S-Space College of Natural Sciences (자연과학대학) Program in Genetic Engineering (협동과정-유전공학전공) Theses (Ph.D. / Sc.D._협동과정-유전공학전공)
Study on the function of Twist2 in the regulation of E protein target gene expression during thymocyte selection
흉선 세포 선별과정에서 E 단백질의 타겟 유전자 발현을 억제하는 Twist2 의 기능에 관한 연구
- 자연과학대학 협동과정 유전공학전공
- Issue Date
- 서울대학교 대학원
- 학위논문 (박사)-- 서울대학교 대학원 : 유전공학전공, 2016. 8. 성노현.
- Cellular differentiation is the process where a cell changes its state from one to another. The development of a multicellular organism involves a series of differentiation processes which result in a complex system of tissues and cell types. Differentiation is guided by the de novo binding of transcription factors to their cognate genomic sites. With the advent of technologies for investigating the genome-wide occupancy of transcription factors, a wealth of insights has emerged. Currently, ChIP-seq offers the most powerful means to locate genomic regions where critical regulatory interactions take place in a high resolution. Twist2, a bHLH transcription factor, is highly induced during thymocyte selection in response to positively selecting TCR signals. Despite the importance of the positive selection-specific regulation of Twist2 expression for the proper differentiation of T lymphocytes, our understanding has been limited. In an effort to uncover the role of Twist2 during thymocyte selection, I intensively investigated the identities of the genes regulated by Twist2, and here I report the first genome-wide information about Twist2 occupancy in mouse thymocytes.
By performing ChIP-seq with thymocytes from the Twist2-transgenic mice, a total of 3,822 highly confident Twist2-binding sites were identified. The gene-proximal distribution of Twist2-binding sites was revealed. In addition, strong evolutionary conservation over Twist2-binding sites was exhibited, suggesting that these regions could be under selective pressure and therefore might be functionally important. By using de novo motif-discovery algorithm, the canonical E-box sequence (5-CABMTGB-3) and two additional consensus sequences for the binding of ETS (5-MGGAAR-3) family and Runx (5-TGTGGTT-3) family transcription factors were discovered. E-box is the consensus DNA sequence to which bHLH transcription factors bind. In general, bHLH proteins dimerize preferentially with other members of the bHLH family to form hetero dimers. Before thymocyte selection, E proteins (HEB and E2A) are highly expressed in DP thymocytes and regulate the expression of critical genes by binding to E-box sequences located in the transcriptional regulatory regions.
I hypothesized that Twist2 may bind to the E-box sites pre-occupied by E proteins after being induced in post-DP thymocytes. To validate this tentative hypothesis, a recent study performed by Vanhille et al., which identified HEB-binding sites in DP thymocytes, was exploited and binding profiles of HEB and Twist2 were compared to count the number of regions shared by HEB and Twist2. Strikingly, 51% (842) of HEB-binding sites were overlapped with Twist2-binding sites. These overlapping genomic sites correspond to 22% (847/3,822) of Twist2-binding sites.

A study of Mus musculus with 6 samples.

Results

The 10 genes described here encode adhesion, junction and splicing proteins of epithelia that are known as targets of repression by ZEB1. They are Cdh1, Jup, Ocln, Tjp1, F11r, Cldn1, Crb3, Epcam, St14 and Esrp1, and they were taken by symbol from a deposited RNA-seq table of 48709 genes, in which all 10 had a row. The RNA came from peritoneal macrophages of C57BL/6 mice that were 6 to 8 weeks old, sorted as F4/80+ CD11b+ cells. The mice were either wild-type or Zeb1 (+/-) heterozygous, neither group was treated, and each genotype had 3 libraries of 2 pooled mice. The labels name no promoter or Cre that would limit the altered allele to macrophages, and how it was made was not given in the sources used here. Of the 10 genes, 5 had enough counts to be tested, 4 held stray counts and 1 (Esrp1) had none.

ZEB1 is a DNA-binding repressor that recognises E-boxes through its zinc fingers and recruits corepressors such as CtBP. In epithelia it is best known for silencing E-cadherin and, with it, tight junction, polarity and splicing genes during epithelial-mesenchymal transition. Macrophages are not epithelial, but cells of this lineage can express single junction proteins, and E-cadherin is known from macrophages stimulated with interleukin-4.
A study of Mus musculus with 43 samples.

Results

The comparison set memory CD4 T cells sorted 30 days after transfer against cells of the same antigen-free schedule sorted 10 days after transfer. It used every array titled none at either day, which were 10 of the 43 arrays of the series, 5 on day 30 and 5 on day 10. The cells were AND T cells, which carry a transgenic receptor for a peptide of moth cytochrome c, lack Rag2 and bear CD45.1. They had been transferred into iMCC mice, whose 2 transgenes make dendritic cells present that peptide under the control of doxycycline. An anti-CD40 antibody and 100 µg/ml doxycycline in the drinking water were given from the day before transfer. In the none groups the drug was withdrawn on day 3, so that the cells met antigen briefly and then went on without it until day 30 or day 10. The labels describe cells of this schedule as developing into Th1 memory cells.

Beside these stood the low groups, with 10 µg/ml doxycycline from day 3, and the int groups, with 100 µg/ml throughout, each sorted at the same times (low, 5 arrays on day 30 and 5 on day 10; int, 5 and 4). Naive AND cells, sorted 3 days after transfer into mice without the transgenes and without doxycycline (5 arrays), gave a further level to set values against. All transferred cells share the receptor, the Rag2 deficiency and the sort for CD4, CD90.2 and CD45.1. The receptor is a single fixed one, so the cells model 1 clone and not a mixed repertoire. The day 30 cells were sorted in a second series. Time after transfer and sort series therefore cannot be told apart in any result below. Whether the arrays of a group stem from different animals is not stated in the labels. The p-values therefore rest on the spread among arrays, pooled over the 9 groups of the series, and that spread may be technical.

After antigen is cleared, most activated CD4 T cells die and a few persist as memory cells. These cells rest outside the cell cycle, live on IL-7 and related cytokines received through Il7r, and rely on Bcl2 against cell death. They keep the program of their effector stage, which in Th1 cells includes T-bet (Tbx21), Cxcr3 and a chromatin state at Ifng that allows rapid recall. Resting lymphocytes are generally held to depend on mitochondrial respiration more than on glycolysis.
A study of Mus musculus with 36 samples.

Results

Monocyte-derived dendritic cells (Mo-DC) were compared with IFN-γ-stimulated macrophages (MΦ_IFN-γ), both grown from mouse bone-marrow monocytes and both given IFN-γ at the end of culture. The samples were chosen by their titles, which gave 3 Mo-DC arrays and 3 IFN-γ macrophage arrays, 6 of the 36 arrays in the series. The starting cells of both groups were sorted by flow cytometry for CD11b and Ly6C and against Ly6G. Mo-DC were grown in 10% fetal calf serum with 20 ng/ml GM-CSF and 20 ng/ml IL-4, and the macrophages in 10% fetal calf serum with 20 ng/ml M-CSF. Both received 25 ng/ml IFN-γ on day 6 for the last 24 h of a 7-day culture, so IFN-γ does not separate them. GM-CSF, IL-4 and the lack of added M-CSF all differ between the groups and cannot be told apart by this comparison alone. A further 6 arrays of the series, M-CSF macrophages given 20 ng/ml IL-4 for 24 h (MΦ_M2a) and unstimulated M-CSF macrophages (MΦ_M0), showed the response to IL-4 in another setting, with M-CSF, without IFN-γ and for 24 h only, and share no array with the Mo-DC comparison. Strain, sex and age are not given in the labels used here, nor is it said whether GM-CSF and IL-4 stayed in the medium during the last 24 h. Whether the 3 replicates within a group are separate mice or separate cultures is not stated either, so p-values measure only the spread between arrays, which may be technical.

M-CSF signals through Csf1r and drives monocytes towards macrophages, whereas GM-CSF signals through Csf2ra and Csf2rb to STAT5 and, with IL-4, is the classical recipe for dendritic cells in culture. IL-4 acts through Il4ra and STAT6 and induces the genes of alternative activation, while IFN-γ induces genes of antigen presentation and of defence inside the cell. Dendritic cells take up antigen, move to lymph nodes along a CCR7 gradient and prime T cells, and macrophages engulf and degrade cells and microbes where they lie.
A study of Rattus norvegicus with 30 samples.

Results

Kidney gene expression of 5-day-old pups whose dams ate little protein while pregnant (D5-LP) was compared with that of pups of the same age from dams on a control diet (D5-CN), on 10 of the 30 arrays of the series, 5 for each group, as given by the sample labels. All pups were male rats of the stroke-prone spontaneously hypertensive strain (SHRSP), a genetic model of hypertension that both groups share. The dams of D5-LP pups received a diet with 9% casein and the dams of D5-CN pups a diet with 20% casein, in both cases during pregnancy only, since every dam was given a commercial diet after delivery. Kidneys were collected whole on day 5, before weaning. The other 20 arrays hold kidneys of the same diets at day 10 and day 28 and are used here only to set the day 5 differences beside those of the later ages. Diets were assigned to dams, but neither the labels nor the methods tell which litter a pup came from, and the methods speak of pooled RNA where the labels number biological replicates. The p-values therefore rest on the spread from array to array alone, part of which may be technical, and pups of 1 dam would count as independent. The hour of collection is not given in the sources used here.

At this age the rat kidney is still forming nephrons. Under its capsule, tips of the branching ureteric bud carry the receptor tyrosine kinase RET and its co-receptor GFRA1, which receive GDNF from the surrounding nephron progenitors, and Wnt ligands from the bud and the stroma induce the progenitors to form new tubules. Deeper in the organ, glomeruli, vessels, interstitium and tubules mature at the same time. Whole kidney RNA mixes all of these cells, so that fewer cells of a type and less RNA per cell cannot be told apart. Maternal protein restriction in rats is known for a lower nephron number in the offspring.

To identify putative genes directly regulated by Twist2 and/or E proteins in DP thymocytes, the occupancy peaks were linked to their adjacent genes. As results, 1,051 and 430 genes were associated with Twist2 and HEB, respectively. Among them, 239 genes were associated with the composite sites, binding of both Twist2 and HEB. To evaluate how the Twist2 occupancy correlates with the differential gene expression in DP thymocytes before (low level expression of Twist2) and immediately after (high level expression of Twist2) thymocyte selection, I analyzed the global gene expression profiles of pre-DP and post-DP thymocytes using microarray. The functional consequences of Twist2 binding to the composite sites during thymocyte selection were then estimated by Gene Set Enrichment Analysis (GSEA). As expected, genes associated with the composite sites were highly enriched among the group of genes down regulated upon thymocyte selection. Furthermore, genes associated with the composite sites were also highly enriched among the group of genes down regulated upon E protein deletion. This indicated that E-protein activity is indeed crucial for the proper expression of genes associated with the composite sites in pre-DP thymocytes. These analyses strongly supported that Twist2 might negatively regulate the E protein target genes during thymocyte selection by binding to the genomic regions preoccupied by E proteins.
By using DO11.10 TCR-transgenic mouse system, effects of Twist2 knock out on the expression of 23 genes were analyzed. In the absence of Twist2, genes that are known to be down regulated in response to thymocyte selection were up regulated. For example, Rorc and Cldn4, whose expression dropped dramatically upon receipt of positive selection signal, were up regulated in Twist2f/fCD4Cre+ DO11.10 cells. In contrast, Poll and Trim26, whose expressions were highly induced in positively selected DP cells, were down regulated in Twist2f/fCD4Cre+ DO11.10 cells.
Here, I suggest a novel mechanism of the transcriptional repression of E protein-mediated pre-selection programs in DP thymocytes. After being highly induced in response to positively selecting TCR signals, Twist2, forms heterodimer with E proteins and thereby negatively regulates the expression of E protein target genes, resulting transition to post-selection stage.